Loyola wins title, gets NCAA play-in spot Loyola women lose on penalty kicks; MAAC soccer tournaments


By halftime of Loyola's 5-1 soccer victory over Iona at Curley Field yesterday, there really was only one question to be answered:

Would visiting coach Bob Herodes get his second yellow card for misconduct and be ejected for the second time this season?

With Loyola (15-5) holding a 3-1 halftime lead, everything else seemed decided.

The top-seeded Greyhounds looked to be on their way to their seventh straight Metro Atlantic Athletic Conference tournament championship as well as a spot in an NCAA tournament play-in against the Patriot League champion.

Lafayette, a 3-2 winner over Navy yesterday, will play host to Loyola in the play-in Sunday in Easton, Pa., tentatively at 1 p.m. The winner will go on to the 32-team NCAA tournament field.

But yesterday, Herodes, Coach of the Year in the MAAC, was at odds with the officials after his Gaels lost a 1-0 lead and watched Loyola go ahead 3-1 with three goals within 3:10.

Referee Paul Tamberino finally decided he had heard enough from Herodes. He flashed the yellow card to the coach.

"Nice color," snapped Herodes.

But from that point, the Iona coach confined his complaints mostly to inaudible grumbling from his seat on the bench. He survived the rest of the game.

"Loyola has a good team," Herodes said afterward, "but we let this one get away.

"We're a good team, too, when we come to play, but we only played for 30 minutes today. Our kids are young. They haven't learned yet what it takes to win at this level."

Iona, which was seeded second, ends its season with a 10-10 record and an 0-10 mark in the series with Loyola.

Bill Sento was pleased with the way his Greyhounds handled themselves after they fell behind early.

"The kids kept their composure," Sento said. "They played hard, especially starting with that three-goal explosion. We got excellent games from some of our seniors like Mike Barger, Dave Briles and Chris Doyle."

Marc Harrison, Loyola senior midfielder, had one assist to tie Stan Koziol for the school career record for assists with 29.

Iona's goal was scored 4:38 into the game by Stefan Miglioranzi.

Loyola's Briles, Barger and Bill Heiser then scored three goals in rapid-fire fashion. Barger's two second-half goals were the only scoring in the final 45 minutes.


After 90 minutes of regulation and 30 minutes of overtime, Loyola and Fairfield were in a scoreless tie in the MAAC women's tournament championship game at Curley Field.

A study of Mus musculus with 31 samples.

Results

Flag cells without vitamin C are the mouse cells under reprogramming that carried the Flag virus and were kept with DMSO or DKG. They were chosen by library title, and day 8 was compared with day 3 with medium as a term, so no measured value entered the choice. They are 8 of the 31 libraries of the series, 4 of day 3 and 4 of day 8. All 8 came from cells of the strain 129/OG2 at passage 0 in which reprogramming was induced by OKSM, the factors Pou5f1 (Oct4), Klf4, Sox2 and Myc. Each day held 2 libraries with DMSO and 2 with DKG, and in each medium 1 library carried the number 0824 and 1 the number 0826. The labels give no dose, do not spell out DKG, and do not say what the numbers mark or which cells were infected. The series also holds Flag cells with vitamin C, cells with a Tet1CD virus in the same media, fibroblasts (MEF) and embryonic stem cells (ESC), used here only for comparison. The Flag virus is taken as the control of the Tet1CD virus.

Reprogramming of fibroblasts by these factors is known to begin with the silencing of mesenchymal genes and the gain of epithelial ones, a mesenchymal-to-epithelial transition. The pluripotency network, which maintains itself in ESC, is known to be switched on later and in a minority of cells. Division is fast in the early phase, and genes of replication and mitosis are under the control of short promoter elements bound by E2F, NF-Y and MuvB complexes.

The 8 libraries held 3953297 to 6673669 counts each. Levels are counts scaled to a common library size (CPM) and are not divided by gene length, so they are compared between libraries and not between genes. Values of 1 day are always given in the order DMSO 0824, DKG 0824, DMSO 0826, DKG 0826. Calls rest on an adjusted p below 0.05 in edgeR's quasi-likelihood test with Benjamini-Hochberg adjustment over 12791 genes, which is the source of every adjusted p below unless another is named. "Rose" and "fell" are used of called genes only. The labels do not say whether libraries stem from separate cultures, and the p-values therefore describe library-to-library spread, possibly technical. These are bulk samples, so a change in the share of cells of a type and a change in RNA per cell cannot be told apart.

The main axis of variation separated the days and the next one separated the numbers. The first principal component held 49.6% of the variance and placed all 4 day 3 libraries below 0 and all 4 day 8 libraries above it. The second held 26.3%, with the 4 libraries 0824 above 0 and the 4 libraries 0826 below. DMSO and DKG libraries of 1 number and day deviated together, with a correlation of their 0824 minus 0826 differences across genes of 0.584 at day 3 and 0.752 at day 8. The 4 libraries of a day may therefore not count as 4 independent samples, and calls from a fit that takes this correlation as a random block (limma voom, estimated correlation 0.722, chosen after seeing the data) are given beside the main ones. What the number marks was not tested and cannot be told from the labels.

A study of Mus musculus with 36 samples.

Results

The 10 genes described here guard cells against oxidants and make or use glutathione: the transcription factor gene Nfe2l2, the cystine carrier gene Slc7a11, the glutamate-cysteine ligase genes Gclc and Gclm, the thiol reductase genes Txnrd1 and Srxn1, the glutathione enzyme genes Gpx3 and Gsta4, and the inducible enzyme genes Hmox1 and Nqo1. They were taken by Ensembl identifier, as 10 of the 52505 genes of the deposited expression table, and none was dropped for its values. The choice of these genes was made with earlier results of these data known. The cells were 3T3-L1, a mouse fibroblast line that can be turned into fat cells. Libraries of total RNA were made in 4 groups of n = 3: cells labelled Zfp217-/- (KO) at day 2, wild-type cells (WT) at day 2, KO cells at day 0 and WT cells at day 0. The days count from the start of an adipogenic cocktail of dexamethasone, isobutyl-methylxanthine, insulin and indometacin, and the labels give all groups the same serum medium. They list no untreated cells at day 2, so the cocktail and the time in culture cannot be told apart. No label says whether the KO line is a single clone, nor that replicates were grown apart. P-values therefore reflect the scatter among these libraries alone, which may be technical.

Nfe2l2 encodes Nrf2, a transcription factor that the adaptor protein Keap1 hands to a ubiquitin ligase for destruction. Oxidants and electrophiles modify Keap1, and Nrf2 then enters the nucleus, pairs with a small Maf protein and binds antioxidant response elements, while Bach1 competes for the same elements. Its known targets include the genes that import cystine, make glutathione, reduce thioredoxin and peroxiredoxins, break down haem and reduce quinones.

Next step: penalty kicks.

PKs, as soccer coaches and players call them, are hardly the most satisfying way to decide a championship.

But for the team that wins, PKs are a lot better than being declared co-champion, and the MAAC has ruled that they are better than sudden death.

Yesterday, Fairfield made its first three penalty kicks.

Loyola's first three PKs were saved by Fairfield goalie Christin Veach, who was the tournament MVP. That left Loyola with two remaining shots, so the visitors from Connecticut were declared 1995 MAAC champions.

"It's a shame to determine a championship that way," said Fairfield coach Dave Tanner, "but that's a tournament environment."

For Loyola, which has had a women's team for only four years, the loss was its third on penalty kicks in a championship game.

The Greyhounds, who won the title last year, lost on penalty kicks in 1992 to Iona and in '93 to Fairfield.

"That's been the story of our season," said Loyola coach Dave Gerrity. "We don't have a true goal-scorer on our squad.

"It's a letdown to lose on PKs, but we can't complain. We won on PKs Saturday against Siena to get to the championship game.

"Anyway, we won 10 games this year [10-7-3], and this was the fourth straight year we've been in the championship game."

Fairfield's goals were scored by Erin Caven, Mary Ann Sadowski and Heather Knight.

Veach saved the penalty kicks attempted by Melissa Martenak, Jaime DeSoto and Erin Wylde.